2018-19 Kia Season Preview
2018-19 Kia Season Preview

2018-19 Season Preview: San Antonio Spurs

John Schuhmann

John Schuhmann NBA.com


Oct 9, 2018 12:34 PM ET

DeMar DeRozan should be able to find plenty of opportunities in the Spurs' offense.

For 20 years, the San Antonio Spurs were the most stable and drama-free franchise in the NBA. That all changed last season, when the Spurs and their best player -- Kawhi Leonard -- were not on the same page in regard to a leg injury that kept Leonard out of all but nine games. That absence came with (or produced) the first full (82-game) season in 21 years in which the Spurs didn't register at least 50 wins. The team was unable to mend fences with Leonard and traded him to Toronto, choosing to bring back an All-Star in his prime (DeMar DeRozan) rather than a package built for 3-5 years down the road.

> 30 Teams in 30 Days:  Spurs ready to begin new chapter
> DA's Offseason Rankings: San Antonio at No. 10


Athletic guard Lonnie Walker IV was selected with the No. 18 pick in the Draft … Rudy Gay was re-signed with a one-year contract, but the Spurs chose not to match Memphis' offer sheet for restricted free agent Kyle Anderson … The disgruntled Kawhi Leonard was traded, along with Danny Green, to Toronto for DeMar DeRozan and Jakob Poeltl … The departures of Tony Parker (to Charlotte in free agency) and Manu Ginobili (retirement) marked the end of an era and left Patty Mills and Marco Belinelli (brought back via free agency) as the only players left on the roster from the team that won a championship just four seasons ago ... Walker (torn meniscus) and starting point guard Dejounte Murray (torn ACL) both suffered preseason knee injuries in the span of three days.

Will the Spurs improve this season? NBA TV analyzes the team.


1. Does the defense finally fall out of the top five? The Spurs have ranked in the top five defensively in each of the last six seasons and in 17 of the 21 (full) seasons that Gregg Popovich has been their coach. But the losses of Green, Anderson and Murray on the perimeter provide another challenge for Popovich on that end of the floor.

2. Can DeRozan and Aldridge play off each other? Offensively, the Spurs took a big step backward last season. They now have two guys who scored at least 23 points per game, but it remains to be seen if DeRozan and LaMarcus Aldridge make each other better or will just be taking turns with the ball.

3. Is Derrick White ready? With Murray out for the season before the season even started and Patty Mills best suited for a reserve role, White appears to be the starting point guard for a playoff hopeful, having played just 139 total minutes as a rookie last season. The offense will run through Aldridge and DeRozan, but White is going to have his hands full against the best point guards in the league.


Over his three seasons in San Antonio, the Spurs have catered more and more to Aldridge. The "beautiful game" offense of the 2014 championship season is long gone, and the Spurs have seen a drop in the percentage of their buckets that are assisted in each of the last three seasons. Aldridge cut down on his mid-range shots last season, but he still had the fourth-lowest assist rate (recording assists on just nine percent of his possessions) among the top 50 players in usage rate. If he can create more for others out of the post, it could do a lot for a San Antonio offense that fell out of the top 10 last season.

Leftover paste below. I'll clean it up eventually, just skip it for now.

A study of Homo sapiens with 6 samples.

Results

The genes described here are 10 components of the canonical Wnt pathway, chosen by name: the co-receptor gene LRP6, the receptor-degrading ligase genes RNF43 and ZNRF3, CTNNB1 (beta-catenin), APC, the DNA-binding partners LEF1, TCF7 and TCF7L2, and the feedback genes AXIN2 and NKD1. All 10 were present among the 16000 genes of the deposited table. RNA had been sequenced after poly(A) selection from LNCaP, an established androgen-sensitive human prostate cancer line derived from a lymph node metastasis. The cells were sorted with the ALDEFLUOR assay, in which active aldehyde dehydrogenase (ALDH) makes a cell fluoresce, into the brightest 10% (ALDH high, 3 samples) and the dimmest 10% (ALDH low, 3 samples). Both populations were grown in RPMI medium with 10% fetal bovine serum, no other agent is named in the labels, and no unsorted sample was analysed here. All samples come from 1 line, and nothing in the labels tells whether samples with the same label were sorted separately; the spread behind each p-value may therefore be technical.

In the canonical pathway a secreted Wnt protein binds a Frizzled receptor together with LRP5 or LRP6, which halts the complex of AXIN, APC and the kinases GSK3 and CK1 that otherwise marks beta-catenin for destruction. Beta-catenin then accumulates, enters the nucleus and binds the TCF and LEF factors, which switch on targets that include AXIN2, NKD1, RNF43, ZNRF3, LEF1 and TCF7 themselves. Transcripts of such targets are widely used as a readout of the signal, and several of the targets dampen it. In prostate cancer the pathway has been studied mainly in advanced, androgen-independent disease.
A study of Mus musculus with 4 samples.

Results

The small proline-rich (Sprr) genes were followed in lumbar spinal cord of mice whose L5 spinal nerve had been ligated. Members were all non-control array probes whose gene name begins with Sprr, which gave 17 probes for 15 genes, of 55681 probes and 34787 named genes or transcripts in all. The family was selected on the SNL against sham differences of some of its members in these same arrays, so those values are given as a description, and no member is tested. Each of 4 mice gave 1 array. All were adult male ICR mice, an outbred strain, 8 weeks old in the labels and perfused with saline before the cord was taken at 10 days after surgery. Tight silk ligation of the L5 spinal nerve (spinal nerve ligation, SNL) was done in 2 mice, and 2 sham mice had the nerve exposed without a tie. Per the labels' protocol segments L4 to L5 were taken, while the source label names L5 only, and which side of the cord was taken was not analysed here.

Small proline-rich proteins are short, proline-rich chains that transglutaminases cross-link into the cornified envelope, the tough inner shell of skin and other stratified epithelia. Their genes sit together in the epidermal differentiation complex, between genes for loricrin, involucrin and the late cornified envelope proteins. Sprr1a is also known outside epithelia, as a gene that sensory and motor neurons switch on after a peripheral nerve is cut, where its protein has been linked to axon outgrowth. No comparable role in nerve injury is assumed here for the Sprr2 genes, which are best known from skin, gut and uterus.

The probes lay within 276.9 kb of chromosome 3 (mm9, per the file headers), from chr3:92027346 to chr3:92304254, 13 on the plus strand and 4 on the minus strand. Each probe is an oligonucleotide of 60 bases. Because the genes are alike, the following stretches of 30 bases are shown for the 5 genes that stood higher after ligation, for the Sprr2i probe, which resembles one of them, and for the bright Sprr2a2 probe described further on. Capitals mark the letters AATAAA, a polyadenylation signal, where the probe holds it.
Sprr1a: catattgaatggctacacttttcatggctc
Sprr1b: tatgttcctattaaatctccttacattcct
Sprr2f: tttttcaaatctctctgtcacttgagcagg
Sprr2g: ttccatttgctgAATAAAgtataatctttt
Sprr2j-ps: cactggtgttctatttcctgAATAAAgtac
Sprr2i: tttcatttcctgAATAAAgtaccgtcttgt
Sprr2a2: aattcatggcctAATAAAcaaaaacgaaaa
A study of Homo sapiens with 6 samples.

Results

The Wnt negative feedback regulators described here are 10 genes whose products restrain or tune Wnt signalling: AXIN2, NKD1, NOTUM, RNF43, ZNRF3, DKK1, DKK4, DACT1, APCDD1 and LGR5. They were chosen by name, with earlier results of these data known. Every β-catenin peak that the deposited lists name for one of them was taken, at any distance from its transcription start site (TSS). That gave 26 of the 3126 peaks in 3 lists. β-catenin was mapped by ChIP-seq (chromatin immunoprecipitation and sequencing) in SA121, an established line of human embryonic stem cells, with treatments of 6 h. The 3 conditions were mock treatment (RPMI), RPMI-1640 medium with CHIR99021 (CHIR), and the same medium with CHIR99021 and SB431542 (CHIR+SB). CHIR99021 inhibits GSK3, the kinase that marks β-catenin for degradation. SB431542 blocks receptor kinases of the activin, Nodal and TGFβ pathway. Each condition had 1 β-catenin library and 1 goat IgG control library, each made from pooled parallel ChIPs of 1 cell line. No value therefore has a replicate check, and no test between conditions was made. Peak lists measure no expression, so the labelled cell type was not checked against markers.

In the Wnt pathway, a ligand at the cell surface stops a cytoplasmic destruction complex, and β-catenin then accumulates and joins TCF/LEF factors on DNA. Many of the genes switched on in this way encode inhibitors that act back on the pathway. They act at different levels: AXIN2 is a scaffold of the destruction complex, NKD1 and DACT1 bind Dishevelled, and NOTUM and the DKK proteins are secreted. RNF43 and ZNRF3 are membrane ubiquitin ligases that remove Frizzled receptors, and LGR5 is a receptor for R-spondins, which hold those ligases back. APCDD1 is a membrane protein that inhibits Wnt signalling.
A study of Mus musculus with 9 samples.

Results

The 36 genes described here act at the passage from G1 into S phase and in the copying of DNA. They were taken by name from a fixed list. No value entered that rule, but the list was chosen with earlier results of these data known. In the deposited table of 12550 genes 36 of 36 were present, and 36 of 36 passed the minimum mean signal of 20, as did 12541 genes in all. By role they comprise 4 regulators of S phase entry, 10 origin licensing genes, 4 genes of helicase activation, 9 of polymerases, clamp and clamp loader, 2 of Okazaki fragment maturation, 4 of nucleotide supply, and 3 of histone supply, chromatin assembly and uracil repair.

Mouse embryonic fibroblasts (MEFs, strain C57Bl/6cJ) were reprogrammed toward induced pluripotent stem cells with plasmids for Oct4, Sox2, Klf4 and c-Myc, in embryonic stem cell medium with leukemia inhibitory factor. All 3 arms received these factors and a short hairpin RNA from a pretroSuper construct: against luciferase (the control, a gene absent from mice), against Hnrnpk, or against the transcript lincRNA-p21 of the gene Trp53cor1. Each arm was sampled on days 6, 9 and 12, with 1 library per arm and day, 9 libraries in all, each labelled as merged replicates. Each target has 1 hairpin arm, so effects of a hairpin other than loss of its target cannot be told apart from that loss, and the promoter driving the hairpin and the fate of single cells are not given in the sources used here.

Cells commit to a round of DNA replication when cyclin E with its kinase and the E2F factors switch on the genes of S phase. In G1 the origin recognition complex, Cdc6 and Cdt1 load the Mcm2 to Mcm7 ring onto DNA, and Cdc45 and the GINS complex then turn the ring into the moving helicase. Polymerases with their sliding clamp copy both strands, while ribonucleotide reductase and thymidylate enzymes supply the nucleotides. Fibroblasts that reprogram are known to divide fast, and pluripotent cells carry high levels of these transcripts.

NBA TV analyzes the Spurs' depth chart.



Derrick White | 3.2 ppg, 1.5 rpg, 0.5 apg
A better shooter than Murray (and maybe a better complement to Aldridge on DeRozan on offense?), but Murray's injury is a significant blow to the defense.

DeMar DeRozan | 23.0 ppg, 3.9 rpg, 5.2 apg
Saw a big increase in assist rate last season, but also a big drop from the first quarter (assists on 25 percent of his possessions) to the fourth (eight percent).

Rudy Gay | 11.5 ppg, 5.1 rpg, 0.8 spg
The 12-year vet has played just 87 games over the last two seasons, but is now almost two years removed from a torn Achilles.

LaMarcus Aldridge | 23.1 ppg, 8.5 rpg, 2.0 apg
Had almost 200 more post-ups than any other player in the league last season, with one of the league's lowest turnover rates out of the post.

Pau Gasol | 10.1 ppg, 8.0 rpg, 3.1 apg
Saw a huge drop in 3-point percentage (from 54 percent in '16-17 to 36 percent) last season. Still one of the league's best passing bigs.


Marco Belinelli | 12.1 ppg, 1.9 rpg, 1.9 apg
His relentless movement off the ball should open things up for others.

Patty Mills | 10.0 ppg, 1.9 rpg, 2.8 apg
Shot 39 percent on pull-up 3-pointes over the last two seasons. Unique skill on this roster.

Jakob Poeltl | 6.9 ppg, 4.8 rpg, 1.2 bpg
Foul-prone, but can catch and finish (72 percent in the restricted area last season).

The Spurs haven't missed the playoffs since 1997. Is that streak in danger of ending?


The Spurs are adding an All-Star to a team that won 47 games last season, but lost some important pieces on defense and saw their front line get a little bit older. You can't ever count this franchise out, but in a deeper Western Conference, it might just take another step backward. A record in the range of 43-39 would be respectable, but might not be enough to keep the 21-year playoff streak alive.